Erica Stick is third top Texas health official to resign amid scandal

Erica Stick, chief of staff of the Texas Health and Human Services Commission, resigned Thursday, the third top official at the sprawling agency to step down as state and federal investigators look into a no-bid, Medicaid anti-fraud contract canceled last month.

Stick is the wife of Jack Stick, the former chief counsel at the agency who resigned a month ago, after the American-Statesman revealed he skirted state procurement laws to broker multimillion-dollar deals with Austin tech firm 21CT.

Also Thursday, two legislators called for the resignation of Kyle Janek, chief of the agency.

“I ask you do what is in the best interest of the state of Texas and resign immediately,” state Sen. John Whitmire, the longest-serving Texas senator, said in a letter.

“Enough is enough,” Whitmire, D-Houston, told the Statesman. “I think he’s lost credibility to run this agency.”

State Rep. Garnet Coleman, also a Houston Democrat, echoed Whitmire’s concerns in a statement.

“I do not know if any criminal or ethical offense has occurred, but at this moment the allegations present challenges for providing Texans with the services they require,” Coleman said.

Janek’s spokeswoman didn’t respond to questions Thursday. But hours after Whitmire’s letter was sent, Erica Stick, Janek’s chief of staff, resigned.

Erica Stick, who worked at the commission for 10 years and was earning more than $160,000 a year, had been placed on paid administrative leave last month.

Erica Stick was never accused by the agency of any wrongdoing. Agency officials said they put her on leave to avoid the appearance of a conflict of interest while the agency was under investigation.

“The last several months have presented challenges for this agency and while I had hoped that a speedy resolution to the various reviews would soon allow me to return to the job I love, it is increasingly clear that a resolution will not come any time soon,” she wrote in her resignation letter.

Her last day will be Feb. 6.

Janek said last month that Jack Stick and the commission’s Office of Inspector General misled him before Janek requested money from state lawmakers and the federal Centers for Medicare and Medicaid Services.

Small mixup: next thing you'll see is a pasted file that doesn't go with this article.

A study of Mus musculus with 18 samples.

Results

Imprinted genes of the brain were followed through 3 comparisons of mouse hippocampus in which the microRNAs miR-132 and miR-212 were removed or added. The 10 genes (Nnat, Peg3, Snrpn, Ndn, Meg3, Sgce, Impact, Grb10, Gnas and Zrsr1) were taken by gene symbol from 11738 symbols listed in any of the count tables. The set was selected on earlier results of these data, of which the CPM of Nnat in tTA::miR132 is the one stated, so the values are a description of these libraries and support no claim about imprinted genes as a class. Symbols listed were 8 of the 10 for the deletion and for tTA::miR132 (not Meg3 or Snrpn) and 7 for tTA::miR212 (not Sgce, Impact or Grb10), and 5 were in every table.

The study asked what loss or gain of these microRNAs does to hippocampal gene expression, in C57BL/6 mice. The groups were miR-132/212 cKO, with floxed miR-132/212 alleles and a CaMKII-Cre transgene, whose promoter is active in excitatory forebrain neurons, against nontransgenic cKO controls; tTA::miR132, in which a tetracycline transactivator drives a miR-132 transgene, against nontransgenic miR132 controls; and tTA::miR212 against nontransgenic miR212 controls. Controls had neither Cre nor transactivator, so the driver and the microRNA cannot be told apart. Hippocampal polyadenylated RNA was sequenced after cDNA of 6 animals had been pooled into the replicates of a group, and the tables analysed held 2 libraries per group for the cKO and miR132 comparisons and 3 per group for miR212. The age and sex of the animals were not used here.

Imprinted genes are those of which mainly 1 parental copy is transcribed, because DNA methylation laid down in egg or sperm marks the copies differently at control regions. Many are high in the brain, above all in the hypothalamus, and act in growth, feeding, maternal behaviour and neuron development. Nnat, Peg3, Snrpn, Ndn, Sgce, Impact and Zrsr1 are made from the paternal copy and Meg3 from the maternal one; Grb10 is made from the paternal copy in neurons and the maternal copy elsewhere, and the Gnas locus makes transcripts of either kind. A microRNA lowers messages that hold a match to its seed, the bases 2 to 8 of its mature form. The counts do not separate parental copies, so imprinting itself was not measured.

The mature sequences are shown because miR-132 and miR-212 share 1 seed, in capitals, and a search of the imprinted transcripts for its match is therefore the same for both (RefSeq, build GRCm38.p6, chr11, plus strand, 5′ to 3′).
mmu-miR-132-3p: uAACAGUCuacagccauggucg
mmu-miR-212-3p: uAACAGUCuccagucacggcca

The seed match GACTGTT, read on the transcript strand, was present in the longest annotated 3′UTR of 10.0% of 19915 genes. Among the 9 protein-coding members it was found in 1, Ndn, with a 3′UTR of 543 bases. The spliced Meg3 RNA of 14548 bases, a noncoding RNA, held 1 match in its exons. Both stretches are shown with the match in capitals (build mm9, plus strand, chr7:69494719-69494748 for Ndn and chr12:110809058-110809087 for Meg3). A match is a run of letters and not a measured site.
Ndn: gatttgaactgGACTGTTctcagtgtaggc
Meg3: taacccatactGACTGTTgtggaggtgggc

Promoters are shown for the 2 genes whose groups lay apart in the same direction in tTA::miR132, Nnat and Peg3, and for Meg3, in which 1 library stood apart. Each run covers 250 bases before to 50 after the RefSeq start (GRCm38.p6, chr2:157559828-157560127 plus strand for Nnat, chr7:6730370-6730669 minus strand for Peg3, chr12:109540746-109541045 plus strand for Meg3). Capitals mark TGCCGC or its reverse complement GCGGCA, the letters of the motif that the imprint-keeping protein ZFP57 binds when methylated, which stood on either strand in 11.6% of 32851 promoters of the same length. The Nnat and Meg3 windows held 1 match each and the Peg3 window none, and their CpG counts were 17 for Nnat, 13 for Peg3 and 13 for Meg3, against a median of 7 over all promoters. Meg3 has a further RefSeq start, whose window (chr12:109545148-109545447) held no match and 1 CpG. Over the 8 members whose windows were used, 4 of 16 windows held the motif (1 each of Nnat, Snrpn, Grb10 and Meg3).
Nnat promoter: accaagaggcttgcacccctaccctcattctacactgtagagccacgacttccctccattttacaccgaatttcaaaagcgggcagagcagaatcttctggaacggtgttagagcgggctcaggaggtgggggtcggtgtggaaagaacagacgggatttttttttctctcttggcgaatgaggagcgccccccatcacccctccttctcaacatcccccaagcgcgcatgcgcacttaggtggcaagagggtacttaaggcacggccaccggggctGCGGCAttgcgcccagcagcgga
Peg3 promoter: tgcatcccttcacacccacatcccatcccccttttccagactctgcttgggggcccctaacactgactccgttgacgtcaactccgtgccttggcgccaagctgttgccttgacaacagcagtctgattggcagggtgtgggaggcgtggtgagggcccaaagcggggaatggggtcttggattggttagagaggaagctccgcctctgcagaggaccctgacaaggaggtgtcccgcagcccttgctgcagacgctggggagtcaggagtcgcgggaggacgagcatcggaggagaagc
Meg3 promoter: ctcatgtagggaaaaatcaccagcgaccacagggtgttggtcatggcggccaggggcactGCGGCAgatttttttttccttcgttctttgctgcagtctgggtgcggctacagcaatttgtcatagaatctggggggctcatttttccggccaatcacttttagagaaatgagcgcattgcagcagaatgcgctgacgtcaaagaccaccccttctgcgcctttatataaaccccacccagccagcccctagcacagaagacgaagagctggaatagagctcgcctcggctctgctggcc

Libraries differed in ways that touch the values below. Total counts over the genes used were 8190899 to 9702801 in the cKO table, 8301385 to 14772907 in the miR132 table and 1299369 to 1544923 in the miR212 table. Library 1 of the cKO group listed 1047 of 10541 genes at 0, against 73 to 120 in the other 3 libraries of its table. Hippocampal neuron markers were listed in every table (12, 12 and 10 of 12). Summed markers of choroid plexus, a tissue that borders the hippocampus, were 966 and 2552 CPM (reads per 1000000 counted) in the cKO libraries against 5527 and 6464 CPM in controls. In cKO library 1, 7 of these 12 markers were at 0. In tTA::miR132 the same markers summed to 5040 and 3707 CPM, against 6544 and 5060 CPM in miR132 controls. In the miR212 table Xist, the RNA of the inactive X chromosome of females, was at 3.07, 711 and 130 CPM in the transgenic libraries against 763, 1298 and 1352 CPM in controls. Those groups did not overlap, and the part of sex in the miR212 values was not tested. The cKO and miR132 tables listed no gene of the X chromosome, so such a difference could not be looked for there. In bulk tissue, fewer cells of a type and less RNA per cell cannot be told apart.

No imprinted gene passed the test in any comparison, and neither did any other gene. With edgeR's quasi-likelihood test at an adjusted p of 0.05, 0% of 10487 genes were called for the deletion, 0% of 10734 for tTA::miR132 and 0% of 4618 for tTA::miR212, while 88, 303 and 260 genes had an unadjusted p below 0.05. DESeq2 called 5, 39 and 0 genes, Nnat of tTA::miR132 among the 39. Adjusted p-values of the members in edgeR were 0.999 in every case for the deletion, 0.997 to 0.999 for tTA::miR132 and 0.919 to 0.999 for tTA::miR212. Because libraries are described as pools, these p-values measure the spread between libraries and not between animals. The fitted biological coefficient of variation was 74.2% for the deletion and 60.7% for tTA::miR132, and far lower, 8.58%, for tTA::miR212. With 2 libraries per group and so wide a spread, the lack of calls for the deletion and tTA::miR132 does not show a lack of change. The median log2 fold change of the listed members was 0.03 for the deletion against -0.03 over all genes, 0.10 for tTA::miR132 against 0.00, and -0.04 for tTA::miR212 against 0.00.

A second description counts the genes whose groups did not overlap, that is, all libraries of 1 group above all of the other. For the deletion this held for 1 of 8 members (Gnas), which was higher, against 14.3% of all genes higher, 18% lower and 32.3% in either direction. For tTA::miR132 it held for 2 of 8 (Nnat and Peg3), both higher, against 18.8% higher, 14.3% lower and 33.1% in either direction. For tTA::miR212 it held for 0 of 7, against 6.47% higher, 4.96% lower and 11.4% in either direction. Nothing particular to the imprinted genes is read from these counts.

But Whitmire said Janek had contacted legislators to promote the 21CT deal as the agency was seeking a $90 million extension to a $20 million contract with 21CT to identify Medicaid fraud. Janek canceled the deal Dec. 12, the same day Jack Stick resigned.

On Thursday, the Statesman reported that Janek had sought a meeting with House Speaker Joe Straus late last year to discuss 21CT. Straus is on a key legislative panel that was poised to approve the $90 million contract extension with 21CT. It’s not clear if Janek was pushing for approval of the contract extension after the Statesman first began raising questions about the deal in mid-November.

“Your repeated allegations of being misled are not supported by recent disclosures,” Whitmire said of Janek.

Also placed on administrative leave last month were Frianita Wilson, the wife of former Inspector General Doug Wilson, who also resigned last month, and Cody Cazares, Jack Stick’s former chief of staff.

Frianita Wilson was involved in approving a $452,000 deal with 21CT. That also has been canceled.

The agency hasn’t responded to several requests this week for updates on the status of those employees.

Janek’s office also has halted responses to dozens of open records requests filed by the Statesman and other news organizations under the Texas Public Information Act. The commission has broadly refused to release public records, citing the several inquiries now focused on the agency.

Janek, a former Houston-area Republican state representative and state senator, was appointed to his post by Gov. Rick Perry in September 2012.

On Wednesday, the Statesman confirmed the FBI is investigating the state’s dealings with 21CT.

Also Wednesday, Gov.-elect Greg Abbott announced he will deploy an independent “strike force” to review management, contracting and operations at the health agency.

Last month, inquiries were launched by the Public Integrity Unit of the Travis County district attorney’s office, as well as the State Auditor’s Office.